Wherein work takes over my life

Sumimasen! Gomenasai

These days, I begin speaking thus to a colleague of mine, a Japanese lady who works on a computer that always seems to have irreversibly bad things happend to it. I’m not too sure what the two words above mean, but I’m hoping that they are phrases offering apology. One basic Learn-to-Speak-Japanese course and over ten years of watching Japanese anime have only served to give me a vocabulary of Japanese terms that would only be applicable if I were a rude and narcissistic ((insert robot name here))-pilot who regularly engaged in sexual activity.

Of course, that side seldom comes up in my conversations with my colleague.

I suppose I should also be apologizing to my readers as well, whom I have neglected with over a week not posting. It’s just that work is terrible at the moment (and, I suspect, the moments to come).

My main role as a graphic designer has been somewhat superceded by my abilities with a computer. Over the past weeks, I have learnt many an Outlook 2003 trick and actually performed a full system restore on a Windows Server 2003 PDC. I have learnt the fragilities of IIS, and the sad and sorry state of Microsoft’s CRM software. I am on call almost 24 hours of the day in case the email server goes down, which as all sysadmins must know is one of the most critical points in business. Learning how to do a system restore is an affair that will potentially stop your heart when you’re actually doing it on a production server.

I lost two weeks of data on our database. That took a lot of Gomenasais. It’s a good thing I’m lowly paid and it’s highly unlikely they can ever find another person to take my position at my pay-scale, or I’d have been fired, though to tell the truth being so lowly paid I’m not too sure I’d be unhappy being fired.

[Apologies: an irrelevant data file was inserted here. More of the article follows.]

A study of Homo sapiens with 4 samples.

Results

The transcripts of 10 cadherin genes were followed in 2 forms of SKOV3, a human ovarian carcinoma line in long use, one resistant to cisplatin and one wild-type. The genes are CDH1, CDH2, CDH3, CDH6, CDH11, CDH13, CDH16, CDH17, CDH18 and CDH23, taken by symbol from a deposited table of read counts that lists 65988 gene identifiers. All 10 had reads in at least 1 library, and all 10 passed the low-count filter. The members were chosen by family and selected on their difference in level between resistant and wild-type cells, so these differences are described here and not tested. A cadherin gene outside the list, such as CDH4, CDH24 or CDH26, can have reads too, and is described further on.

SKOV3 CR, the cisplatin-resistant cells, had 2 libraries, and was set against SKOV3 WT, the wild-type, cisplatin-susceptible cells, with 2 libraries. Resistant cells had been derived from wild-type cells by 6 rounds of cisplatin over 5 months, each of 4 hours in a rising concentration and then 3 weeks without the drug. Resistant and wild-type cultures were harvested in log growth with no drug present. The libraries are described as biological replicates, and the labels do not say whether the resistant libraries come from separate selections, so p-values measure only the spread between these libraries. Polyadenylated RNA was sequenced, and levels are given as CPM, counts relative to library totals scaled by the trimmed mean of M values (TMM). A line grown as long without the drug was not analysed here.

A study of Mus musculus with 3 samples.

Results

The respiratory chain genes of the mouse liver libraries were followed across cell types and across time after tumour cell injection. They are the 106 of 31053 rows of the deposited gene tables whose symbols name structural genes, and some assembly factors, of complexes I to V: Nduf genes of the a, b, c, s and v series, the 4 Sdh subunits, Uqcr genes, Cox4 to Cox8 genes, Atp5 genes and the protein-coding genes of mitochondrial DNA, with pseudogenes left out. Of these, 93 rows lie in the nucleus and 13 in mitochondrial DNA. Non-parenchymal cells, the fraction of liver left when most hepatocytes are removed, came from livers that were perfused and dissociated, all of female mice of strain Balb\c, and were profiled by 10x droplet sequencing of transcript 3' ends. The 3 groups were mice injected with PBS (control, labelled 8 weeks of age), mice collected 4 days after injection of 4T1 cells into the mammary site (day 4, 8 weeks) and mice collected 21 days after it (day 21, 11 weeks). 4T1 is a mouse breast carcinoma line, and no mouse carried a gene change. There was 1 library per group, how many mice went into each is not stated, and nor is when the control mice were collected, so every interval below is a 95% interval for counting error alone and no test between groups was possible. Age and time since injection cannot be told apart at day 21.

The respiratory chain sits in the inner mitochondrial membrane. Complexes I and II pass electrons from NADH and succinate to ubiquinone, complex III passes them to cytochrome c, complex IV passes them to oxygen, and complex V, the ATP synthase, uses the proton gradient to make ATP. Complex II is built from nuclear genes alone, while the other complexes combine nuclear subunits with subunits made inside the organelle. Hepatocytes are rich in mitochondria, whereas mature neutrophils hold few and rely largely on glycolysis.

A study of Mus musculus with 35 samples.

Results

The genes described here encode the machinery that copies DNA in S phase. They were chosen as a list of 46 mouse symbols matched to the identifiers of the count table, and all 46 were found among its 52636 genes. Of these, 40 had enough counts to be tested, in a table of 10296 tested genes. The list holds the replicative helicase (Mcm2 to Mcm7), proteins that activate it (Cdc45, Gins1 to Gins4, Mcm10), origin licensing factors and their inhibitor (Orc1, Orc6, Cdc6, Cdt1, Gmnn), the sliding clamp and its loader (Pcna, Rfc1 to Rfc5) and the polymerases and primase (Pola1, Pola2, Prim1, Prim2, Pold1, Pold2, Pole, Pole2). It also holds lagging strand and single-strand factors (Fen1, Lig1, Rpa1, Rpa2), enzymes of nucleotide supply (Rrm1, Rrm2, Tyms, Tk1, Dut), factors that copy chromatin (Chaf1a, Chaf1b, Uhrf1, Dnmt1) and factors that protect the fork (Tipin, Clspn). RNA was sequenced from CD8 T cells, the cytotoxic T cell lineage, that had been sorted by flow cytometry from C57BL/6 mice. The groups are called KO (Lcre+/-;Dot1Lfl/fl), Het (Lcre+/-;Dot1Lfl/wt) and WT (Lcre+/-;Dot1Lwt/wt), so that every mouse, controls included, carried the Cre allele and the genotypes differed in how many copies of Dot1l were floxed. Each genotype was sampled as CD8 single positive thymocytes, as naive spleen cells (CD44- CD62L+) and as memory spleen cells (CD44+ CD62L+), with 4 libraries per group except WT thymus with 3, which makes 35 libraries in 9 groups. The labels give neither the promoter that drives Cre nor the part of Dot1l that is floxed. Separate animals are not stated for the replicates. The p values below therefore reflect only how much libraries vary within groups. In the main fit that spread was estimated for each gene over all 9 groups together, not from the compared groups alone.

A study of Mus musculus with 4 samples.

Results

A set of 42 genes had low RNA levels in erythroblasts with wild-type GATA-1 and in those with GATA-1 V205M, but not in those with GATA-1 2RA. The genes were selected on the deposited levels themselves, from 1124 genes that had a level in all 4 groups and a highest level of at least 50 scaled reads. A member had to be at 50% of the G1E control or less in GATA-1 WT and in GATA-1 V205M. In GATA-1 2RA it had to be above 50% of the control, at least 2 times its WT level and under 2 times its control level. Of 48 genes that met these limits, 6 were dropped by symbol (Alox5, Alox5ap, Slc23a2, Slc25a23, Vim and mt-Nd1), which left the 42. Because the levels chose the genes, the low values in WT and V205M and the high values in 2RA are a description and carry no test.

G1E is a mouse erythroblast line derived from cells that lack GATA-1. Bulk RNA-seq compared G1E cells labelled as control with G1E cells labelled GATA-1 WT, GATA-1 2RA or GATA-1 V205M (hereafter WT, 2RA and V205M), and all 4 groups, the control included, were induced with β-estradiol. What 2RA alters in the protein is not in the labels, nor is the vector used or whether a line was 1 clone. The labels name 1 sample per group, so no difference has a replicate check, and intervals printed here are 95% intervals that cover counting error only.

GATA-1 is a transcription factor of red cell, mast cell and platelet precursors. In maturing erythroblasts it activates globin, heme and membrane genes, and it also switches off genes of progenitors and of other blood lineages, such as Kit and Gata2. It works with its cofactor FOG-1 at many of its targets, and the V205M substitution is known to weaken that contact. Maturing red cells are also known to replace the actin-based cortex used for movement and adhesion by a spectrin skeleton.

There were days when I barely touched Photoshop at all.

Weekends sucked, too, due to the First Aid course I’m attending now. Due to the nature of my company’s business, several staff members had to attend a First Aid course, and I tagged along since it was to be paid for in full by the company anyway.

First Aid is a depressing topic, really. The actual series of actions for CPR are simplistic enough that you can learn them in half a day, or even an hour. Here’s the (almost) complete procedure, in three simple drawings:

Actually remembering what to do in case of an accident and having the guts to do CPR is another matter altogether. You see, CPR is a life-saving technique. Having played a glut of RPGs in my life, I have this tendency to think of human life as having a measurable value, with a maximum HP (hit points) and 0 being death. Actual life, though, is a lot more complicated. CPR may save your life, but it risks permanent disability, puncturing lung and liver, damaging the heart and will most likely end up in a couple of cracked ribs. The definition of Life in CPR, it turns out, is a medical one – meaning as long as your brain is receiving blood and oxygen.

Even doing CPR might end you up in a hospital, since you risk infection from the person you do rescue breathing on. Worse – you might get sued for malpractice if you do something wrong and kill or permanently injure someone (which is why torniquets are illegal in Singapore).

First Aid can save only about 30% of lives (given that proper medical aid can arrive in time) according to the statistics our instructor provided. It’s a depressing figure, but like our instructor said – if you didn’t do anything, wouldn’t you regret it for the rest of your life? Also, there have been cases of people having no pulse or breathing for hours who have been saved through unceasing CPR performed by trainee doctors and nurses at hospitals (no wonder the necrophilia). CPR is actually the final hope for a casualty, not defilibration.

Which is not to say all casualties should be pumped and blowed-into. Being able to differentiate which you can do such things for takes up a large portion of the course.

The test is tomorrow – with any luck I’ll pass it and be certified to perform CPR. I’d recommend it to my friends, but unfortunately, First Aid is the kind of course you hope all your friends go for but you will probably never take up yourself.

If doctors weren’t paid so highly, would so many people want to heal?